There is no God, and there is no moral order to the universe.
Something changed when my wife, who was the best person I knew, died young. It became important for to me to say this out loud. Before, I had believed that it was helpful to live ‘as if’ a benevolent God created the world, and ‘as if’ good were rewarded and evil punished, and I was happy to tacitly let believers have the stage and microphone and say what they would.
After, how disappointed I was in myself! I had grown up in a world in which the holocaust was a fresh memory, in a world of agent orange and of mass starvation in the third world. As an adult I had seen so many disasters, both natural and human-made, kill so many millions of innocents. For example, just two years before Leslie was diagnosed with cancer, the Christmas tsunami killed over a quarter of a million people. But it was only her individual suffering that caused me to reconsider my moral stance. What a colossal failure of empathy!
Whatever my past failings, be they of empathy or of courage, I live now the best I can, according to what I think and feel. Many people assume that religious people have a moral compass, with a set of clear values to live by, while atheists ‘only’ have cold logic.
Rather than cede the floor to those with the dominant religious beliefs, I now say openly that morality begins with telling the truth.
The truth about The Book we are the people of is that it is… a book. It was self-evidently written by human beings of over two thousand years ago, based on their experiences and on the knowledge of the world they had at the time.
But equally obviously, it’s not just a book. Many people cite it as Truth and as the basis of all moral decision-making. The stories in it are fantastic. Its language is marbled into every aspect of our culture. It’s really not possible to know Jewish literature or understand Jewish life without knowing some Torah.
This fall I will be reading Yehoash’s great Yiddish version of Genesis, in synch with the weekly Torah readings of synagogue-going Jews. Why? The first reason is my friend Esther wanted to, and I traded her for reading Yiddish poetry together in the spring semester. Esther is remarkable (organized, deep, and endlessly enthusiastic) and was indispensible in my getting a group of Yiddish students together to read my grandfather’s Chelm stories with me. So I owe her, and I delight in studying and learning with her.
As a political lefty and a committed atheist, I think it’s good to read the Torah because the best ammunition against the hypocrisy of fundamentalists is to know the texts. But also, a secular Jew is a Jew. There have always been Jews who questioned the official version of events. I agree with Mordechai Kaplan’s definition of Judaism as “The religious civilization of the Jewish People.” To me, what that means for secular Jews is that these are our stories. They belong to us, too.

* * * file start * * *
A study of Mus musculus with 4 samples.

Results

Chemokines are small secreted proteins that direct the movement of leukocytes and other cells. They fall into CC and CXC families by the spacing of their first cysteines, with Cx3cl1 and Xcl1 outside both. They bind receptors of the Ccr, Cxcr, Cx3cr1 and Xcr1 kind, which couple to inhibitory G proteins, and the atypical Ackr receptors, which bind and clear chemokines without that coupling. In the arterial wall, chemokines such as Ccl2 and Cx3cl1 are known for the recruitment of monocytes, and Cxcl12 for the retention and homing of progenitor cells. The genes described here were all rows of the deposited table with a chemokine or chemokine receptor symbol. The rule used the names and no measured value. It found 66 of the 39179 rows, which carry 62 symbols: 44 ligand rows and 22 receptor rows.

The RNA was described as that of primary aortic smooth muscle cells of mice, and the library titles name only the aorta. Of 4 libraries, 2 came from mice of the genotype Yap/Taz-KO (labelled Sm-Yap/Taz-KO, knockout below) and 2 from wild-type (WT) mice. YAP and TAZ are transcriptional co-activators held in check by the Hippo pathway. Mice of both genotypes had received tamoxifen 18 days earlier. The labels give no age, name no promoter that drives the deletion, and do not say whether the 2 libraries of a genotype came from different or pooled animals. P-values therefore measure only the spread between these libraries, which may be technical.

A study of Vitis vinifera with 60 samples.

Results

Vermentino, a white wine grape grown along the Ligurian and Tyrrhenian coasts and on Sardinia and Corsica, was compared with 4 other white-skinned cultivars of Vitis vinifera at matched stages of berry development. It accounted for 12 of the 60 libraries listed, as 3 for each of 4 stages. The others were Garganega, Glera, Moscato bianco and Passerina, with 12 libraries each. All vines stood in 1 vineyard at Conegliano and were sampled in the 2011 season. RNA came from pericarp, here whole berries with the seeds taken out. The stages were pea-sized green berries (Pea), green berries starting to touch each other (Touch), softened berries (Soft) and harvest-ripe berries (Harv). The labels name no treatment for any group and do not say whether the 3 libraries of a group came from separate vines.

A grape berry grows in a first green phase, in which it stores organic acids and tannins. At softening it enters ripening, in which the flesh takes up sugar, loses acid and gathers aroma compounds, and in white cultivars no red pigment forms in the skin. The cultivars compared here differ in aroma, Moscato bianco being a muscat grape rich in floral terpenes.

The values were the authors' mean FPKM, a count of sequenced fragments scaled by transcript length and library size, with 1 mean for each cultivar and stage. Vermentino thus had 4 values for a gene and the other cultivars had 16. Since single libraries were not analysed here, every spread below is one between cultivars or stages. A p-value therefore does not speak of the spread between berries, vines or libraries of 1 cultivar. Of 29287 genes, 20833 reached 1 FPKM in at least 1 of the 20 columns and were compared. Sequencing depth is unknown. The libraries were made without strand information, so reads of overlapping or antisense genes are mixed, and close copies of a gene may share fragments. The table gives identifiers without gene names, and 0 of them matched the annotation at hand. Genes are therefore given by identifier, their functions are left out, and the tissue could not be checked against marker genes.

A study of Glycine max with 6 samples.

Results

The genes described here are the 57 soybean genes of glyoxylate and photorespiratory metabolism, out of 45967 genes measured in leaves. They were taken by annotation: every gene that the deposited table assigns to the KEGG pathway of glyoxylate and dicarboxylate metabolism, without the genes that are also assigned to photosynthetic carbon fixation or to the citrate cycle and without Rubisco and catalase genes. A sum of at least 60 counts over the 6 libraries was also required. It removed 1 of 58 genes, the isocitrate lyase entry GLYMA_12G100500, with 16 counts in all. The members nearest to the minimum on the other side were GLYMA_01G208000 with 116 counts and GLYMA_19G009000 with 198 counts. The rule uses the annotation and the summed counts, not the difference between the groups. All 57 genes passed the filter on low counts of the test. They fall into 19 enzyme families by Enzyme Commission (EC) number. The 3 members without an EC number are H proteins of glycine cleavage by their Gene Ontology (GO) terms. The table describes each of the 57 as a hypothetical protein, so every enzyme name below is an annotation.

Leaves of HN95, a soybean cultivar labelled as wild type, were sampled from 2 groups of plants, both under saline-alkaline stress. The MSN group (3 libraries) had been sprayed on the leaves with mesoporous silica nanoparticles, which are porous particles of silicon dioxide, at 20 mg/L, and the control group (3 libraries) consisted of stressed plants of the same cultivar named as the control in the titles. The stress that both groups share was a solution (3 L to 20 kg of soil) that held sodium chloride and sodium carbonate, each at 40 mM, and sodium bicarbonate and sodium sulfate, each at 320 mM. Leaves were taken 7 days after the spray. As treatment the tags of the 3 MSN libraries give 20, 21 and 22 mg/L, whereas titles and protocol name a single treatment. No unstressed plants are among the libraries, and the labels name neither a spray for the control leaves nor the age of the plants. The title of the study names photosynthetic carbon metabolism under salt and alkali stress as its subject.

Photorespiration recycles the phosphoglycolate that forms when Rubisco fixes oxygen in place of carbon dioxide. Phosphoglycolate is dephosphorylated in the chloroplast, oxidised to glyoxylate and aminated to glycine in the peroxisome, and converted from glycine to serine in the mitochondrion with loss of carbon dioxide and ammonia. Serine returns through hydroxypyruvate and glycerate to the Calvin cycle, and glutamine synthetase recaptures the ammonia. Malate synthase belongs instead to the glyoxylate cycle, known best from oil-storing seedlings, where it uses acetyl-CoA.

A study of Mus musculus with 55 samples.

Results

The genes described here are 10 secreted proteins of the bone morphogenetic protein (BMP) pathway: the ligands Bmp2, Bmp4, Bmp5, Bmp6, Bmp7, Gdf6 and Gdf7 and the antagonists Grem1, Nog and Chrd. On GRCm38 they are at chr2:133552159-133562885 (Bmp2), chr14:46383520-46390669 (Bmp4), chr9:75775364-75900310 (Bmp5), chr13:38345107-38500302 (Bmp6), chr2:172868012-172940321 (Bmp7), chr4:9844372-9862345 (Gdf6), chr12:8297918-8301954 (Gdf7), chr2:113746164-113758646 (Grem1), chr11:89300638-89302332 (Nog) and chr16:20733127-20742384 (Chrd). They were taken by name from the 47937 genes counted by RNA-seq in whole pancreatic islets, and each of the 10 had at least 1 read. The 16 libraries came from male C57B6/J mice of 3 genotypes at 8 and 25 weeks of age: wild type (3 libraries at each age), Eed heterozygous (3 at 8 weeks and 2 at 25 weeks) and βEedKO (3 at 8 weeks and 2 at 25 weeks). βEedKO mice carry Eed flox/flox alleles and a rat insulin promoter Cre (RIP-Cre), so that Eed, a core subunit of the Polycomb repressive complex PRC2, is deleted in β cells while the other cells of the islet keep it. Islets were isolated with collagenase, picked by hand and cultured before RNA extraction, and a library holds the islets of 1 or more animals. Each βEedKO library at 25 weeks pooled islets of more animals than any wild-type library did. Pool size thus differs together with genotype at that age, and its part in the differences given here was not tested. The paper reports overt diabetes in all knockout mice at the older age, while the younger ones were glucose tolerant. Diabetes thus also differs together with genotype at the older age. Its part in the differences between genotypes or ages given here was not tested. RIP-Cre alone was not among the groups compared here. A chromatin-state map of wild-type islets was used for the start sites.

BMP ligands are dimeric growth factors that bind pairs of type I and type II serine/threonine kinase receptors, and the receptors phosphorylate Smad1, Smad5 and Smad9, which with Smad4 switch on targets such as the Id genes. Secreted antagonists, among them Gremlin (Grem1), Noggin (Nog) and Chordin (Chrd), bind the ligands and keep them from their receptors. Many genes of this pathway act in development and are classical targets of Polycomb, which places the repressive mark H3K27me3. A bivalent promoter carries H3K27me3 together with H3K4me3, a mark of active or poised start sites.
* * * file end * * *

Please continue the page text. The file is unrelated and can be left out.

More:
But this blog is not about faith per se; it’s about learning Yiddish, and there are also good reasons for reading Torah in Yiddish, specifically. First, Biblical language has been used, sometimes reverently, sometimes cynically, sometimes ironically or mournfully, but always used again and again in Yiddish literature.
I’ve already encountered this. When “Hillel, the cleverest man in Chelm” (Gimpel the Mayor in the English version), stocks the river with salted herring so that they will fruchtparen un meren (be fruitful and multiply), in order that all Chelm have plenty to eat, it’s not only his ignorance of natural forces that is being lampooned, but his hubris in thinking he can imitate the original Creation. For very different reasons and with very different tones, twentieth century Jewish poets quote the language of Torah in their responses to the cataclysms of pogrom, displacement, and holocaust, in propounding socialist utopianism, reacting to the founding of the State of Israel, lamenting the disappearance of the Yiddish language, and so on. The characters and poetry of the Torah comprise a shared, indispensible vocabulary.
There are linguistic reasons too. Reading a translation from Biblical Hebrew into Yiddish is different than reading an original Yiddish work. Translation can contort language, revealing what it is capable of, and what it is not. Plus, as a learner, reading stories I already know can help when the words themselves are a struggle for me.
Finally, I have personal reasons, too. Yehoash’s Yiddish version of the Tanach formed the basis for some of my grandfather’s work. His Chumash far Kinder is an abridgment and simplification of Yehoash’s Chumash. (note: Chumash is the five books of Moses, or the first five books of what the gentiles call the Old Testament). On occasion, when I have enough time, I will try to compare what my grandfather chose to leave out, and what language he chose to change, to make the text accessible to young Yiddish-speaking children.
So this blog post introduces a subject I’ll be dealing with a lot over the next twelve weeks, and also stands as a kind of disclaimer. I’m reading Torah, not so much to learn Torah, as to learn Yiddish, to learn more about the way my grandfather’s mind worked, and to provide myself with background to better engage with Yiddish poetry and literature. I expect I will be at least as interested in form as in content. As for the content, there too I will share what I think, and I will be frank. But not in order to convince anyone of my world view. On the contrary. This text is our common ground. If we sometimes meet here in disagreement, at least that gives us a place to meet.
Happy Simchas Torah. Tomorrow I will post a few comments about the Yiddish text of the first pages of B’reshit.